BALTIMORE (WJZ) -- Mayor Brandon Scott on Wednesday announced that he's suspending all programs run by Baltimore City Recreation and Parks through the end of January, one of several steps he said the city is taking to get the spread of COVID-19 under control.
Standing alongside local health care leaders, the mayor also said the city is also considering other safety measures, including the possibility of having certain city employees work from home and the potential for a vaccine passport program.
"We are experiencing high community transmission," the mayor said. "We have to do everything in our power, not just as the government and healthcare providers but as a community, to protect our residents, especially those at risk of severe illness."
Scott said he made the decision to suspend parks and recreation programs based on data gleaned from Maryland's COVID-19 dashboard. Though the data is limited, he acknowledged, indicators suggest Baltimore is seeing a new wave of infections.
"We have not had information about cases, deaths, testing or vaccinations specific to the city since Dec. 3," Scott said. "But what we do know is that hospitalizations are up significantly over the past few weeks, which is an alarming sign for all of us."
The measures come as COVID-19 infections and hospitalizations surge in Maryland. Hospitalizations are nearing 1,500 and the percentage of people testing positive is up to 12.15%. On Tuesday, the state reported 6,218 new cases, a single-day high.
City Health Commissioner Dr. Letitia Dzirasa said hospitalizations are up,
"Hospitals are at 90-percent capacity in the ICU and 88-percent capacity in the acute care units," Dr. Dzirasa said. "The number of hospitalizations we are seeing along with some preliminary case data from (the Maryland Department of Health) indicates we may be seeing more cases than last year at this time."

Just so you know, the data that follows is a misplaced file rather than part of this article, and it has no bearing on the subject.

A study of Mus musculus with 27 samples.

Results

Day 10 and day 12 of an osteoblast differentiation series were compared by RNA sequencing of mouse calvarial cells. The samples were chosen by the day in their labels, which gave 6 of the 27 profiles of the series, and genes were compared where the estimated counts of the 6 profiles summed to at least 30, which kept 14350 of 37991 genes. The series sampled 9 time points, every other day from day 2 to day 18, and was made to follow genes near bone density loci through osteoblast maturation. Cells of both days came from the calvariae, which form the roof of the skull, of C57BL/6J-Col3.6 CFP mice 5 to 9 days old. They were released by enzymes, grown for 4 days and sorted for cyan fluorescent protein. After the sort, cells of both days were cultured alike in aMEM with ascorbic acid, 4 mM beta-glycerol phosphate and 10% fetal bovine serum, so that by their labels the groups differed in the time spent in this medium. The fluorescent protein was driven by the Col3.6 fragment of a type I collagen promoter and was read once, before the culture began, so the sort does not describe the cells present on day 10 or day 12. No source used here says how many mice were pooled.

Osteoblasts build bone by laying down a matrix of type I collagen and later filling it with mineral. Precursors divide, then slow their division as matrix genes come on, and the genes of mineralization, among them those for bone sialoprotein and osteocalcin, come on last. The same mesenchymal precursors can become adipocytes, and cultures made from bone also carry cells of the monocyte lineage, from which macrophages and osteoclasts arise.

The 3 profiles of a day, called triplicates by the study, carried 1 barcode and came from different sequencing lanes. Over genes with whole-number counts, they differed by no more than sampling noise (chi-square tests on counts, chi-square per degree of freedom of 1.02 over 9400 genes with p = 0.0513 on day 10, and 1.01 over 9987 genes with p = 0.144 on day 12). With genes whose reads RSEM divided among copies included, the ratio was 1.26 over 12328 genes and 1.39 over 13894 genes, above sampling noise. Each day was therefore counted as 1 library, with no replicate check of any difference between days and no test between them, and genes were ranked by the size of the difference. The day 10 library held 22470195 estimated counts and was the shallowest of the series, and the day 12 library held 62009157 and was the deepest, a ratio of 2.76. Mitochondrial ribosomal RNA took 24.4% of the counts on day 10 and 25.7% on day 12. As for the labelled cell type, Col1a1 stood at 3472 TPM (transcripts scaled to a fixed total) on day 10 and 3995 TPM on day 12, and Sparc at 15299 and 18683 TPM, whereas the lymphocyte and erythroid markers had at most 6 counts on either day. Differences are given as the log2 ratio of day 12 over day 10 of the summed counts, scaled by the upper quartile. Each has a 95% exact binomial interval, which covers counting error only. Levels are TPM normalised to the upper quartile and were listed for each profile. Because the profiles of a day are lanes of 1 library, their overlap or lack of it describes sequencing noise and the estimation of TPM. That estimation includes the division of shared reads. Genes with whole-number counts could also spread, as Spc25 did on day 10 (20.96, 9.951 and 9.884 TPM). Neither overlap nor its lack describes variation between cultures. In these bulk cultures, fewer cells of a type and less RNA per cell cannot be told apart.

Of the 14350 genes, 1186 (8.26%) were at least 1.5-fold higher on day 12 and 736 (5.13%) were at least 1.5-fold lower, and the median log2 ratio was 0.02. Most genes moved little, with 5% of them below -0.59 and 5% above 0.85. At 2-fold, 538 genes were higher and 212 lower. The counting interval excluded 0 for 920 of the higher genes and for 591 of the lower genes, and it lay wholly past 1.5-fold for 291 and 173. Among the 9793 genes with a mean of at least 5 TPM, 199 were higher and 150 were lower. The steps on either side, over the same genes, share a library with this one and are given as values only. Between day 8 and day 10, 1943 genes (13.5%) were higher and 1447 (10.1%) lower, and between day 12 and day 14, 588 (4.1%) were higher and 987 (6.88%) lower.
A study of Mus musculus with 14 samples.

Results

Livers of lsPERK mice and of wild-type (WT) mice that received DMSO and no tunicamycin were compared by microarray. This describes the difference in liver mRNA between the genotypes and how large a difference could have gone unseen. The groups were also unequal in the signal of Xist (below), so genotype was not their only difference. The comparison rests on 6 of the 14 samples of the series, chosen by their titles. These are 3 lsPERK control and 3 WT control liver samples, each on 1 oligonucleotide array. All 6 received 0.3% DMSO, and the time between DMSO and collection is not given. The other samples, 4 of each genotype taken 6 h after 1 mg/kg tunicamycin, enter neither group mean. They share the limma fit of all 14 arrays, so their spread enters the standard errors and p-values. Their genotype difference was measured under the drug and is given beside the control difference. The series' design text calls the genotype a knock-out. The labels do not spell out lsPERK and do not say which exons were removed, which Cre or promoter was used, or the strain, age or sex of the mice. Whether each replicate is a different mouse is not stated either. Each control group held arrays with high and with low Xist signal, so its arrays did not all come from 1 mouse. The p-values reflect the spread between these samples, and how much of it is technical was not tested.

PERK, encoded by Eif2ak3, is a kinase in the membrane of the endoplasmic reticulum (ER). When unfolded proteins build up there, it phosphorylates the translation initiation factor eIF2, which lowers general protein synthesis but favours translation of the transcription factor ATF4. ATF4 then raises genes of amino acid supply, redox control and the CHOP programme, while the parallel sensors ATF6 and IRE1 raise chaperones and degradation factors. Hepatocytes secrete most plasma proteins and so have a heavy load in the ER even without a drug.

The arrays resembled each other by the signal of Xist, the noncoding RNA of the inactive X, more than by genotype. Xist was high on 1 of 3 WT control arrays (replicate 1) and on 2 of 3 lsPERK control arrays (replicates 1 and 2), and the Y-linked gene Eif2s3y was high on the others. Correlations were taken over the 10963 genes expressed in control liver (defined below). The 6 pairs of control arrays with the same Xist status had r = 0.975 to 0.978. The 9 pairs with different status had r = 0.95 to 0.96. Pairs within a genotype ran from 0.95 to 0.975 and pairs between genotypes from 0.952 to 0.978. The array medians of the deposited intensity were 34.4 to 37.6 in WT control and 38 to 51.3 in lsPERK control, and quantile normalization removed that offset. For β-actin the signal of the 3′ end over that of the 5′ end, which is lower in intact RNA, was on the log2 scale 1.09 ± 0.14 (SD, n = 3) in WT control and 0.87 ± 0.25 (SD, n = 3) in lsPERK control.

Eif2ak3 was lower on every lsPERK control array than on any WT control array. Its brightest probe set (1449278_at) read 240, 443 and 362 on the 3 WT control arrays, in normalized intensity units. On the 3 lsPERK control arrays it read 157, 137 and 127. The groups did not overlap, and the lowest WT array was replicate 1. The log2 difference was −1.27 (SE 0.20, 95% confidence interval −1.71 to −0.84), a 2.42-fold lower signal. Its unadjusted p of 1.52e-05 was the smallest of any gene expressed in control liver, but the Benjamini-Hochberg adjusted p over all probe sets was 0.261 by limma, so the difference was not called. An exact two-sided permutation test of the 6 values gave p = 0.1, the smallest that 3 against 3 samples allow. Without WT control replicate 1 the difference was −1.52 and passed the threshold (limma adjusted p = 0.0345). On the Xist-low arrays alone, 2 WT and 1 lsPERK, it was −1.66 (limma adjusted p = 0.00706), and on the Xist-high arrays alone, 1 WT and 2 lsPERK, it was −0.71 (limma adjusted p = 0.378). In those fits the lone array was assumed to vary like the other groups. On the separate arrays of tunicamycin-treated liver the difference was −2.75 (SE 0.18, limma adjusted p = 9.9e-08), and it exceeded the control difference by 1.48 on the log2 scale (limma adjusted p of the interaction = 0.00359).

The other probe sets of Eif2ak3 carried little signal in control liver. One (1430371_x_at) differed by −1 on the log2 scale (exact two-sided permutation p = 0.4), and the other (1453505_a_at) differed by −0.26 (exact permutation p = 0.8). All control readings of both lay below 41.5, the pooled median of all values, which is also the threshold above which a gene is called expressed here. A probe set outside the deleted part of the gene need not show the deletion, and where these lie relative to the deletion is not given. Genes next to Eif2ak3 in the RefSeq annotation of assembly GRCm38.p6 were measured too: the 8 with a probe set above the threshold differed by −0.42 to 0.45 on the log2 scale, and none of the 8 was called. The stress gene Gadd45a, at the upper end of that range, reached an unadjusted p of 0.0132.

Dzirasa said the number of patients city hospitals are treating for COVID-19 has risen from 107 on Nov. 20 to 306 on Dec. 20, an increase of 185%.
Last week, hospitals statewide were directed to free up beds and delay scheduling non-emergency surgeries after Maryland reached 1,200 hospitalizations. When that total reaches 1,500, hospitals will roll out their pandemic plans, which require them to maximize surgical bed and ICU capacity.
As the city prepares for a winter surge, the mayor said, officials are working with the health department to distribute at-home test kits. He encouraged residents who are traveling for the holidays to get tested before their trips and afterward.
"We all want to be with our loved ones for the holidays, but it is crucial that we do not endanger those we hold dear in our hearts and those in our communities as a whole," Scott said.
Citing data showing that unvaccinated patients make up most of those hospitalized with COVID-19, Dr. Dzirasa implored residents to get their COVID-19 vaccines and booster shots if they haven't already done so.
"If you're eligible for a booster, get it immediately," she said. "We know that the immunity gained from the vaccination series decreases over time and getting that booster dose helps to holster our immune systems' ability to fight off COVID-19."
The mayor said getting the shots could be the difference between life and death.
"It will keep you alive, it will keep you out of our overcrowded hospitals, it will keep you off a ventilator," Scott said.
The mayor said he has asked Dr. Dzirasa to form a panel including business leaders to develop recommendations for a vaccine passport program in Baltimore, though the details have yet to be ironed out.
Scott said the group would discuss "what that would look like for us, looking at the best practices from around the country, how that has been working in some places and what hasn't been working."
City resident Claudette Glascoe said she thinks suspending parks and recreation programs is a good idea because it's unclear how many children have had their shots. She also supports vaccine passports.
"I think because most people, if they have had all of their shots including the booster or just the first two, I think we're not ashamed to validate it by showing you our card or something," Glascoe said.